The Turkish government allocated 556 million lira (58 million euros) in the first quarter of 2021 for the construction of six new prisons, which will significantly increase Turkey’s already high incarceration rate.
According to Deutsche Welle (DW) Turkish service report, new penal institutions will be built in Antalya (Akseki), Giresun, Siirt, Tunceli, Kütahya and Adıyaman provinces
The Council of Europe’s recent annual report revealed that Turkey had the highest incarceration rate of the 47 Council of Europe (CoE) countries in 2020, with 357 prisoners per 100,000 inhabitants.
According to the CoE report Turkey’s prison population rate has increased 115.3 percent in the last 10 years, and it had the most crowded prisons in Europe with 127 inmates per 100 available places on January 31, 2020.
There are 297,019 inmates in Turkish penal institutions despite the fact that their capacity is 233,194.
Out of 30,524 prisoners convicted on terrorism charges in CoE member states, 29,827 are in Turkey, the CoE report said.
There has been a record rise in the number of prisons constructed as well as the number of people who were put behind bars during the rule of the Justice and Development Party (AKP), main opposition Republican People’s Party (CHP) deputy Abdüllatif Şener earlier said.
Accusing the ruling AKP of building as many prisons since it first came to power in 2002 as were built from the founding of the Turkish Republic until then, Şener said: “There is not a single year in which you failed to build a prison, and you have constructed 141 prisons since 2014 alone.”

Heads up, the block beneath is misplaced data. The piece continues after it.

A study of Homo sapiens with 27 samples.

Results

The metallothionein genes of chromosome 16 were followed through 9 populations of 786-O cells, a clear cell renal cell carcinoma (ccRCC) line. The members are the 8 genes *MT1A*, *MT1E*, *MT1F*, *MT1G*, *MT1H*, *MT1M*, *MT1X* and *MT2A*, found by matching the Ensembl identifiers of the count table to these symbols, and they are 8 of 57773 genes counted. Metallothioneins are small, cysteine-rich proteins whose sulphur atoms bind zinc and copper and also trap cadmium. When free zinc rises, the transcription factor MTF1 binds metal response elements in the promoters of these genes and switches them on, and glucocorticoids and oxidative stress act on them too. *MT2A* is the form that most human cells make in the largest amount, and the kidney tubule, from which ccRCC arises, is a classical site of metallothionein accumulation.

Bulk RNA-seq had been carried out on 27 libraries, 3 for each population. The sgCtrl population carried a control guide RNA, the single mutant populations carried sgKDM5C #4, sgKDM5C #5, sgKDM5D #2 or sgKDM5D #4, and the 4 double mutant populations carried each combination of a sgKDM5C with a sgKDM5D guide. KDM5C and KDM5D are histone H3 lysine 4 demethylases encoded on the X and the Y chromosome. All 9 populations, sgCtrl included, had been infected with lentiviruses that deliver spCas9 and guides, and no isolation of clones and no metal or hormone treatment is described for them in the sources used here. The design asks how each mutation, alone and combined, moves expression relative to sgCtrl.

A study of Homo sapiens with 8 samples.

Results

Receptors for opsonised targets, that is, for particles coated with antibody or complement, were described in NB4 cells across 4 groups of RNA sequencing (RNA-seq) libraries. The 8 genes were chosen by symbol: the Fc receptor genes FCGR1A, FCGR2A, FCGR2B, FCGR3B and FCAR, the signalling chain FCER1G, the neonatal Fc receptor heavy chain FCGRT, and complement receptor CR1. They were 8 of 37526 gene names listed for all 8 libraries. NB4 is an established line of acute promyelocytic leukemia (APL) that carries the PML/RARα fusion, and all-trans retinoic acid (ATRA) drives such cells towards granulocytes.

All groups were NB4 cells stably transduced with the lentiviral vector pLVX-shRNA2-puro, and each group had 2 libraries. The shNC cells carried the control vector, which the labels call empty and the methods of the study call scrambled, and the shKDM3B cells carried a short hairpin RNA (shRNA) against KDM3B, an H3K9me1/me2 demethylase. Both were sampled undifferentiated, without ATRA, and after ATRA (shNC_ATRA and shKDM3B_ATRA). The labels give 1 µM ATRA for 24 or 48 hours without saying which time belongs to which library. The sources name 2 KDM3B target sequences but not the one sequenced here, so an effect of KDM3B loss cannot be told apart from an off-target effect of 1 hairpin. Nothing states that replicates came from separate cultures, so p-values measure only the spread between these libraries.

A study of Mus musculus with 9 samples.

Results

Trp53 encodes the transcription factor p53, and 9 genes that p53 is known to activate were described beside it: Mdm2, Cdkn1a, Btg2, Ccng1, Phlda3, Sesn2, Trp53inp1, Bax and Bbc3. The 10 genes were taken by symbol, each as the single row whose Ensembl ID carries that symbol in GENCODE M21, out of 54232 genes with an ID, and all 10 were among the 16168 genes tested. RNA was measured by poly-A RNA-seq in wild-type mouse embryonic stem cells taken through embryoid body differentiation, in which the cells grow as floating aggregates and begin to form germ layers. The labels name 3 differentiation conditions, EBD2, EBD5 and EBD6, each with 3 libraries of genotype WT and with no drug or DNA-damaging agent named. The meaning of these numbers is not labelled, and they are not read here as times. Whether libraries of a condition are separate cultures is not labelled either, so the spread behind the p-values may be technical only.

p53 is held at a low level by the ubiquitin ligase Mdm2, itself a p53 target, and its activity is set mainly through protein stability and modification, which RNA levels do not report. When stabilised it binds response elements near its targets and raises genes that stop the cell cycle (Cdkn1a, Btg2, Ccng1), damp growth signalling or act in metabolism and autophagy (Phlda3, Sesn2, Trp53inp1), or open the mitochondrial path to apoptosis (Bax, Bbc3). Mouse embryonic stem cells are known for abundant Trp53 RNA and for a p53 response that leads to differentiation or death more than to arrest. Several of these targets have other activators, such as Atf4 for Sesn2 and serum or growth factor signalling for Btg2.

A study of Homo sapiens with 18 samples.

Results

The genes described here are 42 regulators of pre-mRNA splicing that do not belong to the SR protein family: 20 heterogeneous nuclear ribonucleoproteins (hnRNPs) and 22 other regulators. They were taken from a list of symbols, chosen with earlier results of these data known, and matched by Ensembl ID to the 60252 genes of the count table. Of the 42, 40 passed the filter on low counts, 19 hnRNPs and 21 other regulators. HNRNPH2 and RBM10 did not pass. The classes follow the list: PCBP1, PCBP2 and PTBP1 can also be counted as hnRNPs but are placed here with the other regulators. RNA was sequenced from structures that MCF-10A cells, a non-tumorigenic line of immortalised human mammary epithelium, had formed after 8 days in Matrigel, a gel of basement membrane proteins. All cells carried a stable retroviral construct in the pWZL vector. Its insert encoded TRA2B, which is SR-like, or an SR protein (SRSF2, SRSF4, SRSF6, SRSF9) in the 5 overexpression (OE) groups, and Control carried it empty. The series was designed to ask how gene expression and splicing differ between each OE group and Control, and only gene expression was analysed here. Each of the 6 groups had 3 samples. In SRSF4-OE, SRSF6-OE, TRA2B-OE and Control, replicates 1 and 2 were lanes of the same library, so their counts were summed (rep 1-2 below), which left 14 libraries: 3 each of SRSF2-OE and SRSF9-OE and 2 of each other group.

Şener said 14 prisons were constructed in 2014, 18 in 2015, 38 in 2016, 12 in 2017, 15 in 2018, 26 in 2019 and 18 in 2020, adding that 39 more prisons will be inaugurated next year. With the new prisons, the number of prisons constructed over the past eight years will have risen to 180.
There are currently 355 prisons in Turkey, he said.
Mass detentions and arrests have been taking place in Turkey since a coup attempt in July 2016. The AKP government accuses the faith-based Gülen movement of masterminding the failed coup, although the movement strongly denies any involvement in the abortive putsch.
Critics accuse Turkish President Recep Tayyip Erdoğan, who embarked on the massive crackdown on the opposition after the coup attempt, of using the incident as a pretext to quash dissent.
Human Rights Watch says people alleged to have links to the Gülen movement is the largest group targeted by Erdoğan.
According to a statement from Interior Minister Süleyman Soylu on February 20, a total of 622,646 people have been the subject of investigation and 301,932 have been detained, while 96,000 others have been jailed due to alleged links to the Gülen movement since the failed coup. The minister said there are currently 25,467 people in Turkey’s prisons who were jailed on alleged links to the Gülen movement.